In the far mists of 2008, Bruichladdich ignited the brief but brutal Peat Wars.
For most of the history of whisky, 'heavily peated' meant that the whisky had been made from barley peated to somewhere around 50 ppm phenols. And the resulting spirit is going to be very, very peaty. But Bruichladdich under the ownership of Mark Reynier was all about experimentation and they wonder what would happen if you packed even more phenols into the malt.
The experiments became Octomore. This first batch was made from barley that was peated to 131 PPM, aged for 5 years in fresh ex-bourbon casks, then bottled at a hefty 63.5%.
Thanks to Ian of PDXWhisky for letting me try a sample.
Nose: clay, play dough, tortilla chips, pervasive but not particularly aggressive peat, salted green vegetables (spinach?), fresh malt, wood polish, young oak, very light fruit/floral esters, and something a bit jammy. After adding a few drops of water, there's some Laddie funk in the foreground, the clay becomes putty and overtakes the peat, which slips into the background, the wood and brine integrate, and the malt fades.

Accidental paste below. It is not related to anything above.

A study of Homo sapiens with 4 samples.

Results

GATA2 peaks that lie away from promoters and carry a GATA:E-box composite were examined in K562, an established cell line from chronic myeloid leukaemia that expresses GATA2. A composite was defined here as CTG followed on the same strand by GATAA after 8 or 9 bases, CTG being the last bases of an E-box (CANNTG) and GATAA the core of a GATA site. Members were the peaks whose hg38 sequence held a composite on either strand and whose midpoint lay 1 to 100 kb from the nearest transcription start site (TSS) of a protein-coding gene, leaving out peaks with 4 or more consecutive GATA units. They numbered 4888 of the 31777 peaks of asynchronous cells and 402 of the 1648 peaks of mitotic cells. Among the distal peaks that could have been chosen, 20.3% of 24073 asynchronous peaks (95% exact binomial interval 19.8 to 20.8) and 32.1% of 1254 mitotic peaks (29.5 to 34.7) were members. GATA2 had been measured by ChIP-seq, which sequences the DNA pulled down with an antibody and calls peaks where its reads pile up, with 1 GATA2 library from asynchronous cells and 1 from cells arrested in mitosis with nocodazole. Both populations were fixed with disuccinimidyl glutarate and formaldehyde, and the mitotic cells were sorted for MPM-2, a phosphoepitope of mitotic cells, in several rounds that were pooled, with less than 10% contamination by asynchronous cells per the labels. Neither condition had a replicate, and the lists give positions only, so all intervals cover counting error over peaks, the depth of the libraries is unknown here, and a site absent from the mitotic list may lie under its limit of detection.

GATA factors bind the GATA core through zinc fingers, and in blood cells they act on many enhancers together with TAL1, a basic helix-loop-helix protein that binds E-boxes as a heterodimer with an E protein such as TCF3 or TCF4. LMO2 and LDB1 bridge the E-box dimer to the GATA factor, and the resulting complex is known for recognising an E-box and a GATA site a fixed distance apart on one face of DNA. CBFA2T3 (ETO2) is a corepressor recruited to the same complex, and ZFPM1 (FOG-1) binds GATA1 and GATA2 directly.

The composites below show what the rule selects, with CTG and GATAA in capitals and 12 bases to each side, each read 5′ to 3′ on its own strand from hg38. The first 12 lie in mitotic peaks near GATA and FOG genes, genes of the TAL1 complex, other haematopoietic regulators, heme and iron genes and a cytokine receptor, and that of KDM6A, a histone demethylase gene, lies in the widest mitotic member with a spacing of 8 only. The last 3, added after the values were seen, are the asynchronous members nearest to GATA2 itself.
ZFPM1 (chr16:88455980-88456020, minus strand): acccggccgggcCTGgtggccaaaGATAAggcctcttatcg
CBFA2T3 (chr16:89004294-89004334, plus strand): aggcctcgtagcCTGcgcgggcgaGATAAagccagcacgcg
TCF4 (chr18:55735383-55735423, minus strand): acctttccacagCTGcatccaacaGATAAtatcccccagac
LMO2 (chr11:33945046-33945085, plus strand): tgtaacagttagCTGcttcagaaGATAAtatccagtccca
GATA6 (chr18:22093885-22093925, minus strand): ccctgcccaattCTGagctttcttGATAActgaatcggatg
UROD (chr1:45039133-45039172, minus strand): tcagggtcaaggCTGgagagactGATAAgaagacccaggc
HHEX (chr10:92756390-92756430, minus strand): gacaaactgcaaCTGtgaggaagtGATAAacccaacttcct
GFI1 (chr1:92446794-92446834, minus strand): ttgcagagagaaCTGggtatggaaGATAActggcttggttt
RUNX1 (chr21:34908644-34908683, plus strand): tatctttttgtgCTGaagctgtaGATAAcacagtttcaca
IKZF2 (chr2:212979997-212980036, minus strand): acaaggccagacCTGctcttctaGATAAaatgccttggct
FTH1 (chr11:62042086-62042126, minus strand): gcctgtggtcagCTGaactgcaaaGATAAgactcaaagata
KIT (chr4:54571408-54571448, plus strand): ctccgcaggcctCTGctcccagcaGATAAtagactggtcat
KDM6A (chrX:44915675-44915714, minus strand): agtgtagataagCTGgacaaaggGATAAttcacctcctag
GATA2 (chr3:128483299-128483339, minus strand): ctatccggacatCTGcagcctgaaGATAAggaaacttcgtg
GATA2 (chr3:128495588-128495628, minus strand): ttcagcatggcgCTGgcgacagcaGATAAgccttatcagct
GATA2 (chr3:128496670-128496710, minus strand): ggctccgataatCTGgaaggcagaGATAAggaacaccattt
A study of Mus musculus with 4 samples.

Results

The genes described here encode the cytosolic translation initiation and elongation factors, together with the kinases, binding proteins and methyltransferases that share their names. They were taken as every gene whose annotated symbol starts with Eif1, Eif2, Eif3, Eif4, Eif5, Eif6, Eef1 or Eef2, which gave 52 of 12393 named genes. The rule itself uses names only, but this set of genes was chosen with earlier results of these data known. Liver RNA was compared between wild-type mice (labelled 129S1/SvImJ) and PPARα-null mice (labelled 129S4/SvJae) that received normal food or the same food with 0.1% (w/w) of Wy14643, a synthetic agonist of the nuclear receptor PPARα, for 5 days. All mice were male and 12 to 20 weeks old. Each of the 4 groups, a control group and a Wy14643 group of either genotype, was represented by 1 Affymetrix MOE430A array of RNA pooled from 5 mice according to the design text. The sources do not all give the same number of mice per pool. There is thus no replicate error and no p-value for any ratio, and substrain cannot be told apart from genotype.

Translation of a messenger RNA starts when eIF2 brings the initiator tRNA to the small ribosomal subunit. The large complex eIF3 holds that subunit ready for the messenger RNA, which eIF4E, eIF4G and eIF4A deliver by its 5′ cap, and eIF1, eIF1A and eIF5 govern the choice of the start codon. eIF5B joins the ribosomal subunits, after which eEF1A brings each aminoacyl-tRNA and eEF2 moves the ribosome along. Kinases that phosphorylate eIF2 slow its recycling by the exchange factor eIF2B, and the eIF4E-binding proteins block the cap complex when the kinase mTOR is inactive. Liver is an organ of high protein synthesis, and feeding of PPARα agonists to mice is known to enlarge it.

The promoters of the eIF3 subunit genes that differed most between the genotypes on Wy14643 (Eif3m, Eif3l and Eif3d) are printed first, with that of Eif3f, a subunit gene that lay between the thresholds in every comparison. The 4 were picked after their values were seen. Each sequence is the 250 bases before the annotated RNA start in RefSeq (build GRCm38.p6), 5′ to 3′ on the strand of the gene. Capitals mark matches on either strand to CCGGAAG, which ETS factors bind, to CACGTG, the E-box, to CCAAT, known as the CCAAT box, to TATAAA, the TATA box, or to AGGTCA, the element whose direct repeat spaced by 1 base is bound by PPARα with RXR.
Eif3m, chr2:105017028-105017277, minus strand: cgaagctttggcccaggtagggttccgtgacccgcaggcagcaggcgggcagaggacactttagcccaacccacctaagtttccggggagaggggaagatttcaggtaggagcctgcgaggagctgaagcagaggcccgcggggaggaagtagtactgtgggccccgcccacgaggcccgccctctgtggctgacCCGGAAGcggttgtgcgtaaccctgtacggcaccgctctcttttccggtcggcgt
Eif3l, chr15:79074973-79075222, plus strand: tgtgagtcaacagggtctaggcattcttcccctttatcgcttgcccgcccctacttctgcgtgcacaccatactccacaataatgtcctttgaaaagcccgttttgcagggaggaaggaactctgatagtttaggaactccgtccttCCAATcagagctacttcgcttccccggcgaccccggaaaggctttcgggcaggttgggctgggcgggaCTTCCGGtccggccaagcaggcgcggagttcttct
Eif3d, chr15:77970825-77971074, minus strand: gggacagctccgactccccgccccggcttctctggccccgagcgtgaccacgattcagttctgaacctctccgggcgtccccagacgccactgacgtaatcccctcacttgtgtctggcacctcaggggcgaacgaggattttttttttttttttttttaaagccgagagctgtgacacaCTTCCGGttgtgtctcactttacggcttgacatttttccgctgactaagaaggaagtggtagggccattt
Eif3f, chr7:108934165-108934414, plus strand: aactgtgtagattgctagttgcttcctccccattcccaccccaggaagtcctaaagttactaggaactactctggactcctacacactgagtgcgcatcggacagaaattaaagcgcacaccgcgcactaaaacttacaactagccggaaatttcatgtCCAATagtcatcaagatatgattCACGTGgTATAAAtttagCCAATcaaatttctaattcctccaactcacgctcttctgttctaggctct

Taste: waves of sweet malt and wood sugars with rounded stone fruit esters and an underlying brininess, fading into oak tannins, moderate peat, and clay. After dilution, the sweetness is slightly smoothed out and resolves into sugarcane syrup, the peat comes in earlier, but fades more quickly in favor of strong wood tannins/barrel char.
Finish: clay, moderate peat and wood
I will presage all of this by saying that this sample came from a bottle that has been open for years, so it's hard to know how much the spirit has lost in that time. But honestly? This is kind of boring. There is literally nothing going on that would make me think this was peated to a particularly high degree (this may have to do with Bruichladdich's stills) and at 5 years old there's not enough development to add much from the barrel to give it more character. In fact, part of me wonders if this was bottled when it was because the spirit had already extracted so much tannin from the casks that it risked becoming over-oaked. Oddly, the high proof isn't even particularly evident - I've had whiskies that were below 60% that singed my nose more.
I can envision some of the cask experiments like Comus and Orpheus giving it a little something more, but every release of Octomore has become a collectors item and is basically impossible to find at this point. Beyond that, they cost more than I would care to pay even at retail. So, one more whisky that I'm perfectly happy giving a miss - my bank balance will surely thank me.